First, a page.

Vasilii Vasil'evich Dokuchaev and scientific communities in late tsarist Russia
My PhD research is on the topic of scientific communities in late tsarist St Petersburg, with a main focus on Vasilii Vasil'evich Dokuchaev (1846 -1903), and his students. I chiefly focus on the period c. 1875-1895.
Dokuchaev is best known for his work on the Russian chernozem (black earth), as the founder of genetic pedology, and for his theory of natural zones. His students included N. M. Sibirtsev, K. D. Glinka, V. I. Vernadskii, F. Iu. Levinson-Lessing, and P. V. Ototskii.
The PhD is funded by the Arts and Humanities Research Council. This is a doctoral studentship attached to the AHRC project, ‘The Landscape Concept in Russian Scientific Thought c1880s – 1991’. The project's Principal Investigators are Dr Jonathan Oldfield and Dr Denis Shaw (University of Birmingham).
Archival and library research in St Petersburg between 2011 and 2013 was made possible by an AHRC Research Support Training Grant and a travel award from the Centre for Russian, Central and East European Studies (CRCEES).
Book review: The Russia Reader. Scotland-Russia Forum Review, No. 24, December 2010.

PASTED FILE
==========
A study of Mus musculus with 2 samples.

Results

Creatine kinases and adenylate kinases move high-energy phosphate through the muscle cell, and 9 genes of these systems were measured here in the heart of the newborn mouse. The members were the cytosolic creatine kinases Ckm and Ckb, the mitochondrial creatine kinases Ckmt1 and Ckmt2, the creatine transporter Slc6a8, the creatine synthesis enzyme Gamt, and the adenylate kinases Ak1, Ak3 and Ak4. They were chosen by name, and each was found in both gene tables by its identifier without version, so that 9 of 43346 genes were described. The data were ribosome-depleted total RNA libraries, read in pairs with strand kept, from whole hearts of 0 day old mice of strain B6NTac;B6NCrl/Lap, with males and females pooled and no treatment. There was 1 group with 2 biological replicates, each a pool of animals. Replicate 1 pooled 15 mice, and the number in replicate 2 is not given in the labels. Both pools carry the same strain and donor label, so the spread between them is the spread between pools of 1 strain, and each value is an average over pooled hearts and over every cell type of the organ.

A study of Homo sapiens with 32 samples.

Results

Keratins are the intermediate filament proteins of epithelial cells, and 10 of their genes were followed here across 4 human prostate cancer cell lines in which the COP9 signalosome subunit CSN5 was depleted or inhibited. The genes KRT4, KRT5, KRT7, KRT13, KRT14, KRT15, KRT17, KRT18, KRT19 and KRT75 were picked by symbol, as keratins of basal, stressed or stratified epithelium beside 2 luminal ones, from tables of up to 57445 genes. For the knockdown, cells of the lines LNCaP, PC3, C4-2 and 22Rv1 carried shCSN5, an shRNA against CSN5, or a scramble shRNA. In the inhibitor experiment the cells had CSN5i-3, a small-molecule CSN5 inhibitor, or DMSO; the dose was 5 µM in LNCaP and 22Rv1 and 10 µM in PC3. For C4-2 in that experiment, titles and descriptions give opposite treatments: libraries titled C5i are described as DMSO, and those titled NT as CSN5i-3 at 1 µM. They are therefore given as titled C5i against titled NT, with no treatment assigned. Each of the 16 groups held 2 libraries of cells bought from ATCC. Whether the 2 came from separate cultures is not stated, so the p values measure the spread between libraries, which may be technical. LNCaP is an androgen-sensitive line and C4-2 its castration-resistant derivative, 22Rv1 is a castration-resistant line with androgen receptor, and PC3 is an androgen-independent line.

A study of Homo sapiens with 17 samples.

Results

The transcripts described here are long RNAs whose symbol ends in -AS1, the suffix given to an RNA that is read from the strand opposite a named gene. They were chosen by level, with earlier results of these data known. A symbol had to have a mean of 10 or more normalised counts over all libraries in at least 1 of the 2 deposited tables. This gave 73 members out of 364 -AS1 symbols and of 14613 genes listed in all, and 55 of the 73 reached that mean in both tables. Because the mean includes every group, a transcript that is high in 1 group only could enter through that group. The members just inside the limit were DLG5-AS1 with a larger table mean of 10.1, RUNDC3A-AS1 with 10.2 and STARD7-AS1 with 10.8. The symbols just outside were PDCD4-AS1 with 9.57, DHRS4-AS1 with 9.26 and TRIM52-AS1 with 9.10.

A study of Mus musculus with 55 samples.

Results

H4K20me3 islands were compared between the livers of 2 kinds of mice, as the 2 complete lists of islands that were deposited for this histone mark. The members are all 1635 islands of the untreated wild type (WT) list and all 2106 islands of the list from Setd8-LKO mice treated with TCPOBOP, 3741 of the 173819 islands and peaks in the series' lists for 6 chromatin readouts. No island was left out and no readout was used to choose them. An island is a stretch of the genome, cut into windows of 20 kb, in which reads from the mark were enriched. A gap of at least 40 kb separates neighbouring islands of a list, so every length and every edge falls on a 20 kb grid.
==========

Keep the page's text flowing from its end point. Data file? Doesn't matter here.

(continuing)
"Earth and Environment in late Tsarist Russia: The research school of Vasilii Vasil'evich Dokuchaev (1846-1903)". Postgraduate Conference of the British Society for the History of Science, Cambridge, January 2016.
"У вас комиссии, а у нас соловьи поют!” Rural-urban exchange in late 19th century Russian scientific communities. British Association for Slavonic and East European Studies (BASEES) Annual Conference, Cambridge, April 2012.
Theory, metaphor and translation: why language matters to historians of science. Centre for Languages, Linguistics and Area Studies ‘New Directions’ Conference, Glasgow, April 2010.
GTA: CEES 1A ‘Central and Eastern Europe in the Age of Stalin’
My undergraduate degree was in Archaeology and Anthropology (University of Oxford). I also have a Master’s degree in Social Anthropology (University of St Andrews) and a Postgraduate Diploma in Russian Language from the University of Glasgow. I first visited the Russian Federation in 2003 when I spent 10 months in St Petersburg, and have since spent time working in various parts of Russia and Kazakhstan.
In 2012 I undertook a CRCEES funded internship at the Scotland Russia Forum researching possibilities for Russian teaching in Scottish schools.
Organiser of the conference panel Science in 19th century Russia - regional, national and transnational exchange. British Association for Slavonic and East European Studies (BASEES) Annual Conference, April 2012.
This panel brought together international participants and was funded by a grant from CRCEES.